Location: Research Programs2021 Annual Report
Obj. 1. Develop CCHF virus diagnostic tests for early detection and surveillance of Crimean-Congo Hemorrhagic Fever Virus including development of viral detection methods for ticks and viral detection methods for cattle, sheep, and goats. Comp. 1: Problem Statement 1A Obj. 2. Determine mechanisms of CCHF transmission including development of CCHF tick and animal infection methods and CCHF tick-animal transmission models. Comp.1: Problem Statement 1A
The goal of National Program 103 (NP 103), Animal Health, is to protect and ensure the safety of the Nation’s agriculture and food supply through improved disease detection, prevention, and control. Basic and applied research approaches will be applied to solve animal health problems of high national priority. The National Bio and Agro Defense Facility (NBAF) will take over the mission of the Plum Island Animal Disease Center (PIADC) and be the ARS lead facility for Foreign Animal Disease research. NBAF will 1) provide solutions to problems associated with the control, eradication, and recovery of foreign and emerging diseases, and 2) maintain a portfolio of expertise that will allow ARS to rapidly respond to new and unforeseen disease threats.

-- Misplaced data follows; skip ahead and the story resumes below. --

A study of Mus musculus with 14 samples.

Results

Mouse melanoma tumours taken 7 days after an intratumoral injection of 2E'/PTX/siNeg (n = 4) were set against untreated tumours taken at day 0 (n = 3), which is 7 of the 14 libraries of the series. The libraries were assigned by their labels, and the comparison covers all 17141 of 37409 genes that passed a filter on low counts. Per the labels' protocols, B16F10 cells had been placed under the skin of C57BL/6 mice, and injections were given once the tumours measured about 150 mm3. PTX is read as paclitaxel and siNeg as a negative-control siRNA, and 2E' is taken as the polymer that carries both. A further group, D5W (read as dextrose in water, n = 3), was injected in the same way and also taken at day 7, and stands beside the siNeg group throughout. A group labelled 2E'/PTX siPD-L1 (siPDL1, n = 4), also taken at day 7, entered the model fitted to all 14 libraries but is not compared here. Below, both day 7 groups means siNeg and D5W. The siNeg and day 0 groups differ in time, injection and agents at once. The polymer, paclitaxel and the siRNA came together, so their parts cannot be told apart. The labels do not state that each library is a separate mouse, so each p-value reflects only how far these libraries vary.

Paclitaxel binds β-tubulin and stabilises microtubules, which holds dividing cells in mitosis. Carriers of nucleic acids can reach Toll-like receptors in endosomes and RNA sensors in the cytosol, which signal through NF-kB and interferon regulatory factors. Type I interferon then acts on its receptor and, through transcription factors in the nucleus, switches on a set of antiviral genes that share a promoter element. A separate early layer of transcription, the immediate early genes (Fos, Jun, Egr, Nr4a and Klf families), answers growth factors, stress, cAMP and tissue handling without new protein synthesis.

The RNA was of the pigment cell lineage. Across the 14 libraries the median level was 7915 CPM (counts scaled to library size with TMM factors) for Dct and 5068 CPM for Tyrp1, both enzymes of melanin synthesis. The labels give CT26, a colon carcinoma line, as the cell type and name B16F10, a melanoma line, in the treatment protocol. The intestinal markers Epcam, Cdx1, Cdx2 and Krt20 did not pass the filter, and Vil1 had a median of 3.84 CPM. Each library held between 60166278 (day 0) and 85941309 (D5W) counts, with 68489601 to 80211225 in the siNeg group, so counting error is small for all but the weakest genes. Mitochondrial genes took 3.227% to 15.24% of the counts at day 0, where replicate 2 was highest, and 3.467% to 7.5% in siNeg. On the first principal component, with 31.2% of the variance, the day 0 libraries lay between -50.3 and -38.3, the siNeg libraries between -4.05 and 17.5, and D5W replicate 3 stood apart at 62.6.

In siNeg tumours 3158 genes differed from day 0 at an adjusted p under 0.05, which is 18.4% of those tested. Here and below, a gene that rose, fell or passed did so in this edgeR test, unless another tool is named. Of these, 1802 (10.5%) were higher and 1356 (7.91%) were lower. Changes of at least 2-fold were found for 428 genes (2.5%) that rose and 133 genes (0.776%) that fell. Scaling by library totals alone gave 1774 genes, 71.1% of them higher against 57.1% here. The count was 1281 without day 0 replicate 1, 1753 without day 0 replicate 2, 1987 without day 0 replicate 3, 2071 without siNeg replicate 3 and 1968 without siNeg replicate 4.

A new research program focusing on Crimean-Congo hemorrhagic fever (CCHF) disease ecology and pathogenesis was started at the Centers for Disease Control and Prevention (CDC), the University of Texas Medical Branch and the University of California Davis One Health Institute. ARS researchers at the location had a role in the standup of the research program. Due to the vacant Research Lead position, these programs were stood up using Work Force Development Funds and project funds. Three postdoctoral research associates were hired and trained at their respective institutes working in Biosafety Level 4 facilities, establishing ecological studies in endemic regions of Africa. Despite the SARS-Cov2 pandemic, the research project in West and East Africa (Sierra Leone and Tanzania) has been very successful, collecting thousands of ticks and blood samples from livestock (cattle, goats) in areas with high risk of CCHF. Samples will be shipped to the CDC for CCHF testing.